Instead of complaining about the relentless rainy downpour in New York yesterday, I decided to use the weather to my advantage and bake bread. For while humidity will torpedo many a kitchen endeavor (meringues, most candy and nearly anything involving egg whites), low pressure days are perfect to use yeast, the theory being that it works better (i.e., rises more easily) without the competition of high pressure air pushing it down.
Bread baking is easy, requires time (but not much of the cook's time), fills the house with a marvelous aroma -- and then allows you and your guests to enjoy the freshest bread imaginable.
The vintage recipe I chose called for heating milk, sugar, salt and butter in a saucepan and letting it cool to lukewarm.
Meantime, pour one cup of warm water in a bowl and sprinkle the yeast over it. Stir to blend. (The water should be between 105 and 110 F. If the water is too cold, the yeast won't bloom; if it's too hot, the yeast may die.) You can use a candy thermometer or just sprinkle some drops on your wrist -- it should feel warm, not hot. I also add a tiny bit of sugar to hasten the yeast's bloom.
After five or ten minutes, the mixture should look like this and you know the yeast is working. If it doesn't, check the date on your yeast package (might it have expired?) and try again with a fresher yeast, warm water and a bit of sugar.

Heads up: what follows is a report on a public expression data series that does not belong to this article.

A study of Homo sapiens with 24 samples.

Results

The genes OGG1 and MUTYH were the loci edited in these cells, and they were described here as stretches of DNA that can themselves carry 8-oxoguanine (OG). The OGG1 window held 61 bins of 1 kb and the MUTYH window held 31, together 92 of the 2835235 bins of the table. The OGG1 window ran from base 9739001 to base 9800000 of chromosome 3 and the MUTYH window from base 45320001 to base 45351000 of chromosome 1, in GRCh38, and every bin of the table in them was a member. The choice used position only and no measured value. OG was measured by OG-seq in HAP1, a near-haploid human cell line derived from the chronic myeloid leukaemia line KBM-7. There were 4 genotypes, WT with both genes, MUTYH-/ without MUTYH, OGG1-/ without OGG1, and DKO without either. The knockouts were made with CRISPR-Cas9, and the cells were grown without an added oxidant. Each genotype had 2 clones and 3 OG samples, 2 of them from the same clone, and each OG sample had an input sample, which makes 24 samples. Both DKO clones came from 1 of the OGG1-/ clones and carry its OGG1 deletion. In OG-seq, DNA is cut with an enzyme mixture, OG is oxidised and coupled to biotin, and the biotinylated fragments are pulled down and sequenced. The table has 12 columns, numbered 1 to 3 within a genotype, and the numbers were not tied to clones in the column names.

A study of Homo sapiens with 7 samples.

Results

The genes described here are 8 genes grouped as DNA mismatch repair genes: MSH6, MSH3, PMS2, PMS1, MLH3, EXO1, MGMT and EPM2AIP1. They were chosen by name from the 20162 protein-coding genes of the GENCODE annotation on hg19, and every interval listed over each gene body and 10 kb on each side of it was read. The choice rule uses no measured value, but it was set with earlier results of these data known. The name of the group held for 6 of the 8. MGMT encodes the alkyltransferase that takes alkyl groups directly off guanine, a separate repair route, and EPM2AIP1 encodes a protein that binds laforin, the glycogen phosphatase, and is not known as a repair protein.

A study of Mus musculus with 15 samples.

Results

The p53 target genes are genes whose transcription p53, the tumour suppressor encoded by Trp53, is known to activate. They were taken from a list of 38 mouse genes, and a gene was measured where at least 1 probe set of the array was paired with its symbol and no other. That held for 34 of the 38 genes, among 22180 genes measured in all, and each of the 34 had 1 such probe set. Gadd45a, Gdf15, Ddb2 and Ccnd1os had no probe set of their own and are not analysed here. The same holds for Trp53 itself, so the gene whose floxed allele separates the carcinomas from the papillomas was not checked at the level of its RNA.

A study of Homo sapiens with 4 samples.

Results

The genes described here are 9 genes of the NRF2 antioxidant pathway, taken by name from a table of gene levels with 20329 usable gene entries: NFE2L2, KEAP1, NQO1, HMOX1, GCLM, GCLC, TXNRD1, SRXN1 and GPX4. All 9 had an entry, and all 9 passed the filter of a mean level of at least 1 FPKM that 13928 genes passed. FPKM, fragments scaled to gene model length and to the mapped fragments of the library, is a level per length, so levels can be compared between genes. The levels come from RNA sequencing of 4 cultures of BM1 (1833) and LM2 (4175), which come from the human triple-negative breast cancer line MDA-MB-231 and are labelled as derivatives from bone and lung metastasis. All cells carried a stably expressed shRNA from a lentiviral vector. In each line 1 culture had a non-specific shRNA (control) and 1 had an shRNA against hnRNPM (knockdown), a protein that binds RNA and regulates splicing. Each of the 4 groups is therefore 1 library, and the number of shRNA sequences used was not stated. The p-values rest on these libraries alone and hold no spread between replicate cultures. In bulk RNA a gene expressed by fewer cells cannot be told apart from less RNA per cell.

Combine the yeast and the milk mixture in a large bowl. Mix in three cups of flour and stir until nearly smooth. Add in the rest of the flour and combine.
Turn the dough out onto a floured work surface and knead until smooth and elastic. Place in a greased bowl, cover with a cloth and let it rise in a warm spot until double, about one hour.
Punch it down (as satisfying as it sounds) form into two loaves and place in greased pans. Cover again and let rise until doubled.
When the loaves look like this, brush the top with butter or shortening and place in a preheated 400 F oven. After ten minutes, reduce the heat to 300F and let bake for another 45 minutes.
Production notes: I thought I followed this recipe exactly (before I spilled orange extract from another baking project all over the recipe card), but later realized I had used only one package of yeast instead of two -- and it still came out fine, because of the low pressure and/or the power of yeast. The moral here is: You can't screw this up, or even if you do, it still works and is delicious. I also used butter instead of shortening. Full recipe typed out below.
Home-made Bread (from Ethel Hayes, Sunbury)
1 cup milk
3 T sugar
2 1/2 t. salt
6 T shortening
1 cup warm water
2 pkg. active dry yeast
6 cup all-purpose flour
Mix milk, sugar, salt and shortening (butter) in a saucepan and scald. Set aside and cool to lukewarm.
Sprinkle two envelopes of yeast in one cup of warm (100 F) water and set aside.
Combine two mixtures and add three cups of flour. Stir with a wooden spoon until smooth.
Add three more cups of flour and stir until combined.
Turn out on a floured board and knead until smooth and elastic.
Place in greased bowl, cover with a cloth and let rise until doubled (approximately one hour).
Divide dough and place in two greased bread pans. Brush top with melted butter or shortening.
Bake for ten minutes in a 400 F oven.
Lower heat to 300 F and bake for 45 minutes.
Remove to rack, cool slightly and turn out bread. Cool completely.